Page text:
Wine Bar & Bistro on Lark's fantastic patio, which is even better now that we live close enough to walk. After brunch I'm looking forward to an afternoon and evening full of relaxation and reading. I'm currently devouring Sara Gran's quirky, dark, and beautifully written forthcoming mystery Claire DeWitt and the City of the Dead, which is set in post-Katrina New Orleans. I'm also hoping to start The Twisted Thread by Charlotte Bacon today.
New or Old?
My Waiting on Wednesday pick this week was the forthcoming novel by Lydia Millet, Ghost Lights. I first read Millet last April after she was named a Pulitzer Prize finalist. As soon as I heard she had a new book, I rushed to know more about it. When I discovered it included a character from a previous novel, I got to thinking. When did I become anti-backlist?
For years, I kept a list of authors whose works I wanted to Read Every Word. About once a month, I would search Books in Print to see when they had new novels coming out, but I also got caught up on their already published titles. The world of book blogging has made me more aware of publishing trends. In many ways, I'm more aware than ever. I correctly predicted a third of the Orange Prize longlist. In some ways, however, I'm less knowledgeable than in my days as an independent bookseller. Even at an independent bookstore in an affluent, well-educated Atlanta neighborhood, we mostly sold bestsellers. I could list the titles and order of all the typical bestselling authors. Now? I'm a little out of the loop, and I'm okay with that. I'm a literary fiction devotee, and I love being part of the conversation.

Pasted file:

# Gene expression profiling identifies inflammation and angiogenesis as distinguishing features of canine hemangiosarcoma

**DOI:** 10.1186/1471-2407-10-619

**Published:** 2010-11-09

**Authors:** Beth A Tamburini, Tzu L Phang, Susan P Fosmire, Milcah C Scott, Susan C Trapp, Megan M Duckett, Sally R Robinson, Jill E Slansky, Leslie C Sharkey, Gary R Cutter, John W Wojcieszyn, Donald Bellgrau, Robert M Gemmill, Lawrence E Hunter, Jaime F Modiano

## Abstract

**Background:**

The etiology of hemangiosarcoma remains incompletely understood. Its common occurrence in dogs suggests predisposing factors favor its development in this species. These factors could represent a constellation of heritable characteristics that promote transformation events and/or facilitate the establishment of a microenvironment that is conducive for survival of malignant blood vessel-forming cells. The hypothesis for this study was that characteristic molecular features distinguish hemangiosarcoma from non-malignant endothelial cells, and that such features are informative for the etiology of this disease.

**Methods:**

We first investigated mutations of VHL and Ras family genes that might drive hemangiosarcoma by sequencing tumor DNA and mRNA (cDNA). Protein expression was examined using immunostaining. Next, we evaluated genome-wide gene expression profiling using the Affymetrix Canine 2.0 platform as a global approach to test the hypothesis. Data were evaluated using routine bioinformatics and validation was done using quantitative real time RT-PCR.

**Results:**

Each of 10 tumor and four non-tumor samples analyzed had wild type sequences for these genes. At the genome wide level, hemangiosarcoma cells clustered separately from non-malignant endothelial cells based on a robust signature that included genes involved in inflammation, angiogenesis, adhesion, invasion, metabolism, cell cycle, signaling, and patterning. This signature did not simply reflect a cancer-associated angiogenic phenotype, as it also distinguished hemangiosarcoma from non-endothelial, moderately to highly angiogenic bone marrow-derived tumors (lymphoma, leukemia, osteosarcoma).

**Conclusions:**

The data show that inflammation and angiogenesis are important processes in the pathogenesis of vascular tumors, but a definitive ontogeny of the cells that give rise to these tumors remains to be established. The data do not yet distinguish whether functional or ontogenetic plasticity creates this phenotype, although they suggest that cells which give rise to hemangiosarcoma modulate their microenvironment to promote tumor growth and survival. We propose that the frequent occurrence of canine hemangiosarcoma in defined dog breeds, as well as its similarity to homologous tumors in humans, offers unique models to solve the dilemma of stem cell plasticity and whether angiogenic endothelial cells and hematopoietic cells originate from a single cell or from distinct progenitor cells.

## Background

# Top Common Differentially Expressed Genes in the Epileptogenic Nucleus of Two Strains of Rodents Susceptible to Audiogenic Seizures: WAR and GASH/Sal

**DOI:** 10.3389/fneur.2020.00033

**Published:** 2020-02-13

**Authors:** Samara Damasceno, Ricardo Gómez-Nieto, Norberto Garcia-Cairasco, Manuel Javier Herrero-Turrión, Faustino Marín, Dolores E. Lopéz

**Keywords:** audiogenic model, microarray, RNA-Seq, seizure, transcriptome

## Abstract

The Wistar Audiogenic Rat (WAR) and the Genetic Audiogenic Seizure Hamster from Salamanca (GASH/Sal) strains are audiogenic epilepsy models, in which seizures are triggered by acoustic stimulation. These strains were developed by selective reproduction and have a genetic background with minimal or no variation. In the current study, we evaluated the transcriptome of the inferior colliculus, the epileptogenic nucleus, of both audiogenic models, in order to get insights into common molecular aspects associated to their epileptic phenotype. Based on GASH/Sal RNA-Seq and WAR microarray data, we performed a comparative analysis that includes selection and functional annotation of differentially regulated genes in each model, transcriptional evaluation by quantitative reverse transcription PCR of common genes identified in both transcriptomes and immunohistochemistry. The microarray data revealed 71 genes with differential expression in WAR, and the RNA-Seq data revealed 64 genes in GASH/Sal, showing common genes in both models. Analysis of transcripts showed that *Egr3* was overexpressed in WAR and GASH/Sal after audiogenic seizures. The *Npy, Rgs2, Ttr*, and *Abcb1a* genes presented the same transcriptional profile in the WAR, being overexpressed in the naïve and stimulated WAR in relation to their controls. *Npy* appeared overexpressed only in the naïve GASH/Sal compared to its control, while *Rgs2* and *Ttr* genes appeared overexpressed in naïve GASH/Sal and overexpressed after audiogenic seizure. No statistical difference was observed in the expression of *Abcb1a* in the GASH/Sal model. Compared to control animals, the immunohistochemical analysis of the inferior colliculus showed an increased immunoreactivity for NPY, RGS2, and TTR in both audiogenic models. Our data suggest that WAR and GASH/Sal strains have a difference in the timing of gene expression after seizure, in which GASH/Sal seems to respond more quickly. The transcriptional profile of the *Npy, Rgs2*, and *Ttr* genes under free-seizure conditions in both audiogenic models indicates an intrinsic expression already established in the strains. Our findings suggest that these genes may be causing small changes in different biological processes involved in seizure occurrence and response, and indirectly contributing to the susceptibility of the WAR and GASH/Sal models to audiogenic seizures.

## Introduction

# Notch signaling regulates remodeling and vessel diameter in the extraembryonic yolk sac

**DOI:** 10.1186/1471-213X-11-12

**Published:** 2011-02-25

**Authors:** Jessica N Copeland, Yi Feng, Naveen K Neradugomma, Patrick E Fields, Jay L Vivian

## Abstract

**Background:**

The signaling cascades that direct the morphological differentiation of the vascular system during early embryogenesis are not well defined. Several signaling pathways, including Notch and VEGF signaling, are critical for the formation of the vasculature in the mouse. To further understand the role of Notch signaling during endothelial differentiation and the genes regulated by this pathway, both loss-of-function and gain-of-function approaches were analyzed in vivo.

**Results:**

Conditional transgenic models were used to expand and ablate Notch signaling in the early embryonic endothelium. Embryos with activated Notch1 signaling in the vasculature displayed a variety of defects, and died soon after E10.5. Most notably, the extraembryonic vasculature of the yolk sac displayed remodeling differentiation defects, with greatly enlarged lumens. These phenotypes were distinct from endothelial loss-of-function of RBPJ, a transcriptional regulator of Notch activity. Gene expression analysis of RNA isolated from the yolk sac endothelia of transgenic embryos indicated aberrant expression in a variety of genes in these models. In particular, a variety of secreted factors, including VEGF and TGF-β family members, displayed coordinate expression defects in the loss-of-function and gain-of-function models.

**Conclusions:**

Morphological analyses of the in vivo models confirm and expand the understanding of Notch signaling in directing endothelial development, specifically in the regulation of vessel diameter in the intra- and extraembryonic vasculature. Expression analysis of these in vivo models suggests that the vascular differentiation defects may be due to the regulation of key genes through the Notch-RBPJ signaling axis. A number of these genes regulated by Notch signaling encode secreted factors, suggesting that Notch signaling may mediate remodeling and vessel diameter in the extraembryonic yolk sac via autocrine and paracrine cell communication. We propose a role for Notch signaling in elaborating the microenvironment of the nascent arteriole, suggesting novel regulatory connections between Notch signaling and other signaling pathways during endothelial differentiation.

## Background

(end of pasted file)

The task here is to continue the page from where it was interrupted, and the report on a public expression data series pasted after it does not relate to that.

When The New York Times named their five best fiction picks for 2010, I had already read all three novels (short stories interest me less, as we all know.) Tomorrow, the Pulitzer Prizes will be awarded. I'm hoping I've read at least one of the three. There is a certain level of gratification that comes from being an evangelist for a book before others are. There's a joy in being part of the conversation about contemporary literary fiction. I have no plans of leaving the conversation anytime soon, but I do want to incorporate more backlist reading.
A New Goal: Backlist Reading
I'm adding a new reading goal for 2011: read at least one backlist title a month. I may find it browsing the shelves at my wonderful public library (I do love now being a few blocks from the downtown branch with the city's biggest collection) or I may choose to explore the older titles of authors I've enjoyed. Either way, I'm determined to squeeze in at least one backlist title among the new releases I enjoy each month.
Now tell me: do you prefer new releases or backlist titles?